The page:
Premium rewards credit cards with a slew of benefits – and steep annual fees. Do the math to see if the perks you’re using offset the cost of renewing the card.
Premium credit cards offer a lot of benefits – that’s why you signed up for a card that costs nearly $500 a year or more after all.
While these cards have the power to pay for themselves in the value of their benefit returns, the truth is that many of us don’t – and can’t – take advantage of all of these freebies, including cash back bonuses, complimentary elite status, lounge access, Global Entry/TSA Precheck credits and annual hotel anniversary stays every year.
It is normal to deliberate if it is worth continuing to pay for these spendy cards when the annual fee rolls around. The secret to determining if a high-fee card is right to keep in your wallet lies in doing a little bit of math at the end of each year to determine the card’s actual value for you versus its perceived value.
Take these two actions to decide if that high-fee card is worth keeping:
- Calculate the value of the benefits you are using.
- Calculate a realistic future value of the benefits you’ll use.
See related:When is a credit card annual fee worth it?
1. Calculate the value of the benefits you are using
To calculate the true value of a card’s benefits to you, review the card benefits on offer and compare them to those you have actually used in the past 12 months.
The formula is simple: The cost of the annual fee minus the monetary value of the benefits of which you took advantage.
Consider my own annual analysis:
- I personally have carried both the Platinum Card® from American Express and the Chase Sapphire Reserve in my wallet for two years.
- At $550 and $450 respectively, together these two cards are a combined expense of $1,000 in annual fees. Do I need them both?
On paper both cards have amazing benefits for travelers that easily cover the expense of the fee. For example:
- The Amex Platinum card has the bestlounge benefits out there (including Priority Pass Select), Global Entry reimbursement, free Boingo Wi-Fi and a $200 annual airline credit.
- The Chase Sapphire Reserve has a $300 travel credit, Global Entry reimbursement, a Priority Pass Select membership, and 3x Ultimate Rewards points on all travel expenses.
Calculating what I used last year, it’s becomes obvious that I only need one Priority Pass membership and one Global Entry Reimbursement. At the same time, since Global Entry lasts five years, this benefit will have a $0 value for me the other four years I won’t use it.
While I did take advantage of both cards’ travel credits and my American Express free Boingo Wi-Fi, it’s evident from my calculations that I’m not getting $1,000 in value by keeping both of these cards.
Since I use my Amex Platinum card much less than I use my Chase Sapphire Reserve, it’s clear to me which card I need to bid farewell.
For me, the biggest benefit I’ll be losing by canceling the Platinum card is my ability to access the American Express Centurion Lounge – but I can still pay $50 for a day pass when I want to get into the lounge and come out ahead financially.
Did you use enough of the benefits of your heavy-hitting card last year to exceed what you paid for the annual fee?
See related: Is it worth keeping the Chase Sapphire Reserve for a second year?
2. Calculate a realistic future value of the benefits you’ll use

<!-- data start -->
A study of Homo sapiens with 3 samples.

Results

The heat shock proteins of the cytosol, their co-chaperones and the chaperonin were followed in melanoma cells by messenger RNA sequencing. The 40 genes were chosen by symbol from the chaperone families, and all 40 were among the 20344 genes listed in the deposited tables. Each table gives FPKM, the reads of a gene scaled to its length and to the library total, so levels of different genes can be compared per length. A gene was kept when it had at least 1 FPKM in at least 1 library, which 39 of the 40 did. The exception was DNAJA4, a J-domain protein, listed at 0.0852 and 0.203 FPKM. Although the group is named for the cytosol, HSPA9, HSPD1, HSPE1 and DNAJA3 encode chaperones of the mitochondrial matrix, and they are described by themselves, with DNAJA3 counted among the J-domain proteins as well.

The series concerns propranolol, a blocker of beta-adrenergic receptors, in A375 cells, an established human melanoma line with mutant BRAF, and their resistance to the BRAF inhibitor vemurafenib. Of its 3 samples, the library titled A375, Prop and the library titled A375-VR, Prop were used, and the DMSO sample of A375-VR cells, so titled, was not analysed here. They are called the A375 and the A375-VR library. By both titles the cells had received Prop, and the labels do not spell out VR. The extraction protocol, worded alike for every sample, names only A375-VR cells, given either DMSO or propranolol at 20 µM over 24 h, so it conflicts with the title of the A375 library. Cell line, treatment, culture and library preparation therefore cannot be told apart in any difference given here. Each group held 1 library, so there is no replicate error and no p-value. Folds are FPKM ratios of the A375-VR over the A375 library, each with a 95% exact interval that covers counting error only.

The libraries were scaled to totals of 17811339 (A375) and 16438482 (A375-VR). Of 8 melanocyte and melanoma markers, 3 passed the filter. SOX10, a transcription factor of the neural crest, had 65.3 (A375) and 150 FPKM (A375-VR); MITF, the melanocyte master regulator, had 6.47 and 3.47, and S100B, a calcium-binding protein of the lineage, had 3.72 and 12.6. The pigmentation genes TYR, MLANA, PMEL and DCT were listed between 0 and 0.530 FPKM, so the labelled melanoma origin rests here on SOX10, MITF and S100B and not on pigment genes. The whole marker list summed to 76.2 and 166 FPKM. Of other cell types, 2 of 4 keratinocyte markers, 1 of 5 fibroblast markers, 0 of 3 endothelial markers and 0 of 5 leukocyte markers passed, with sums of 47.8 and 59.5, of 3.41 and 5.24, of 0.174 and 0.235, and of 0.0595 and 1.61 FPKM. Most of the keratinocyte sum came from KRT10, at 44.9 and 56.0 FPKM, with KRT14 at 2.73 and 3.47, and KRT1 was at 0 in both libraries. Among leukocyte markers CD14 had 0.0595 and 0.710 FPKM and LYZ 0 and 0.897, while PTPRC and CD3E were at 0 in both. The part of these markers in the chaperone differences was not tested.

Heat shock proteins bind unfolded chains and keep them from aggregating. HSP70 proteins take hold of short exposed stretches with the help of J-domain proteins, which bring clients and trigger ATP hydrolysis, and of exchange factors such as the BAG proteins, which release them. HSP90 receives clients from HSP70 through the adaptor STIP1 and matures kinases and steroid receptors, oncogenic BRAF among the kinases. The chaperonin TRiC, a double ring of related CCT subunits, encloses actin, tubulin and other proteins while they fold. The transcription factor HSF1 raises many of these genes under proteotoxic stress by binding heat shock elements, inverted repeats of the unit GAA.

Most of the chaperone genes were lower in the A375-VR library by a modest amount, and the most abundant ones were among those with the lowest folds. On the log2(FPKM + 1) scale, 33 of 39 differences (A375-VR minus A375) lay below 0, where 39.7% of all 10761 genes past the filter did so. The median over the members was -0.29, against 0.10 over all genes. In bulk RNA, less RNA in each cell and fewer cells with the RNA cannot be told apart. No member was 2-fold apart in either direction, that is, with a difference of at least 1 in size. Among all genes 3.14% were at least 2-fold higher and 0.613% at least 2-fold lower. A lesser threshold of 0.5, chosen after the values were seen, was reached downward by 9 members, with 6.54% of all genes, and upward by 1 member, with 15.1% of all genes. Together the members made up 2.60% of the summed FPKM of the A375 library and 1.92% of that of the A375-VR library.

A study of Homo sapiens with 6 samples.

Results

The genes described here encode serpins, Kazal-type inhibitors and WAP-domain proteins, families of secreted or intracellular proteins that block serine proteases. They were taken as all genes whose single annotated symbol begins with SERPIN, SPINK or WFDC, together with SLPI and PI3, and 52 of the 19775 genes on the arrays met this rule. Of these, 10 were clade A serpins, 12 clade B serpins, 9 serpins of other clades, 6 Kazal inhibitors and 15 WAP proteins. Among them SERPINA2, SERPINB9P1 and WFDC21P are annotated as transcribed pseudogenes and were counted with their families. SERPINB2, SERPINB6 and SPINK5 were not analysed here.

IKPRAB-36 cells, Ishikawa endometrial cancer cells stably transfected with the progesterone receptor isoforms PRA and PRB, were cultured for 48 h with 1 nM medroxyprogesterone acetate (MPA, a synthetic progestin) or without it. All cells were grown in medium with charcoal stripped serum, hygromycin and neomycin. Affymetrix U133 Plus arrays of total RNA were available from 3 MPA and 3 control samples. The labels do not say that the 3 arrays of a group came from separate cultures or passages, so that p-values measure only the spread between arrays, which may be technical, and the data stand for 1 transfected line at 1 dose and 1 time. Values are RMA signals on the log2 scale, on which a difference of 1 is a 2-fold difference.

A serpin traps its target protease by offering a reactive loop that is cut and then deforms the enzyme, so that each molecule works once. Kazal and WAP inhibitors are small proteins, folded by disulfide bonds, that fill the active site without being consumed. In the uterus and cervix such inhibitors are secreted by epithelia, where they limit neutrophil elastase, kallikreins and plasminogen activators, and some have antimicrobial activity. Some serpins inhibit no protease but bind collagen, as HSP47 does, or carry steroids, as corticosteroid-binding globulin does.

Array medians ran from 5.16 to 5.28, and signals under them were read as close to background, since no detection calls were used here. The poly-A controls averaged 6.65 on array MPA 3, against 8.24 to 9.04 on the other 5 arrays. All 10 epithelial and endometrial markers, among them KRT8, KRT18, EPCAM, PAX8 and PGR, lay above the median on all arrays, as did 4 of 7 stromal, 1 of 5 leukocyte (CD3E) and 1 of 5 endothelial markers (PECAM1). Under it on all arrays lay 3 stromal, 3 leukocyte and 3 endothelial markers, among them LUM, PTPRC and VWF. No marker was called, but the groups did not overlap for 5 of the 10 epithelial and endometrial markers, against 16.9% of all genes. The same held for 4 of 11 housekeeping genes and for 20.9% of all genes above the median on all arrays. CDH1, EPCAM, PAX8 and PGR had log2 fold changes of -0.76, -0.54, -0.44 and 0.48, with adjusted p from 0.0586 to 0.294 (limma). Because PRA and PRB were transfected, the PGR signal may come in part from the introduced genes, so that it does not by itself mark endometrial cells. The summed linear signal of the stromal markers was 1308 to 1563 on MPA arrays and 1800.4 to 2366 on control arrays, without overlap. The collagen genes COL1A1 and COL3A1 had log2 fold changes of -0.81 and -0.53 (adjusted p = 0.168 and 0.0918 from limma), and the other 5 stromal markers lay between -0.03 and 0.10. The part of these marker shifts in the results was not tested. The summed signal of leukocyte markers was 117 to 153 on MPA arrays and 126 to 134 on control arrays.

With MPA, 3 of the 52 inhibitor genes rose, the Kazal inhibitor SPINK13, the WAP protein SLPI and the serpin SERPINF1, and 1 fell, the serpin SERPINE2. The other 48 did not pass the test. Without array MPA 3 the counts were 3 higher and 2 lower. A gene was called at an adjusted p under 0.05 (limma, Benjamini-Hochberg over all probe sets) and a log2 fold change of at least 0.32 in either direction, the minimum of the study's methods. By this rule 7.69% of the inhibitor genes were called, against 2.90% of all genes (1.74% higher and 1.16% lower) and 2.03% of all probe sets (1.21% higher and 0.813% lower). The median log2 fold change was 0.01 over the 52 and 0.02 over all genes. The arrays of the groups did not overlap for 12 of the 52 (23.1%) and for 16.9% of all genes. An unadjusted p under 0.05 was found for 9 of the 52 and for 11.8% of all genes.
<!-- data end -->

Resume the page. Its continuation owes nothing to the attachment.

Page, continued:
In addition to doing the math to see if you’ve gotten enough actual value from your card in the year that has already passed, you’ll want to look into your crystal ball, or at least your potential travel calendar for the year ahead, to calculate potential future use.
Consider this: Will you use the benefits enough in the coming year to exceed what you will pay for the annual fee to renew the card?
For several years, I was a cardholder of the Citi AAdvantage Executive World Elite Mastercard, paying $450 a year to access the American Airlines Admirals Clubs and to have the benefits of free checked bags and priority boarding on AA.
- When I first got the card, and for several years of travel, the benefits calculation was in my favor. I was flying often and visiting the Admirals Club multiple times a month.
- After flying American consistently, however, I actually earned a level of elite status that gave me even better benefits of priority boarding and complimentary checked baggage.
- As I looked into my travel future, I recognized that I’d no longer need many of the benefits that I’d relied on from my credit card.
Since I had other options for lounge access through Priority Pass (from my Chase Sapphire Reserve), the benefits of my $450 Citi card no longer added up.
Even though this is a great card and had been a great fit for me for a season, it was time for me to close this AAdvantage card – or at least downgrade it to a no-annual-fee Citi AAdvantage card.
See related:Best American Airlines cards
How to use savings from not paying a high annual fee
Less money spent on annual fees means more money for travel – or money to spend on annual fees to leverage different credit card benefits that will be of more practical use for your personal travel goals.
What will I do without the Amex Platinum and the Citi Executive AAdvantage cards in my wallet this year?
- I could pocket the $1,000 I’ll be saving in annual fees or perhaps I’ll add one of the newer super co-branded hotel cards that have come on offer this year.
- Among the options I could consider are the Hilton Honors Aspire card from American Express that offers up to $600 in travel credits and complimentary Hilton Honors Diamond Status.
- I could also consider the new Starwood Preferred Guest® American Express Luxury Card with a $300 Starwood/Marriott statement credit and an annual free night anniversary award.
No matter what you decide is right for you to keep in your wallet this year, you can’t lose as long as you’re taking advantage of the great benefits these high-end cards offer!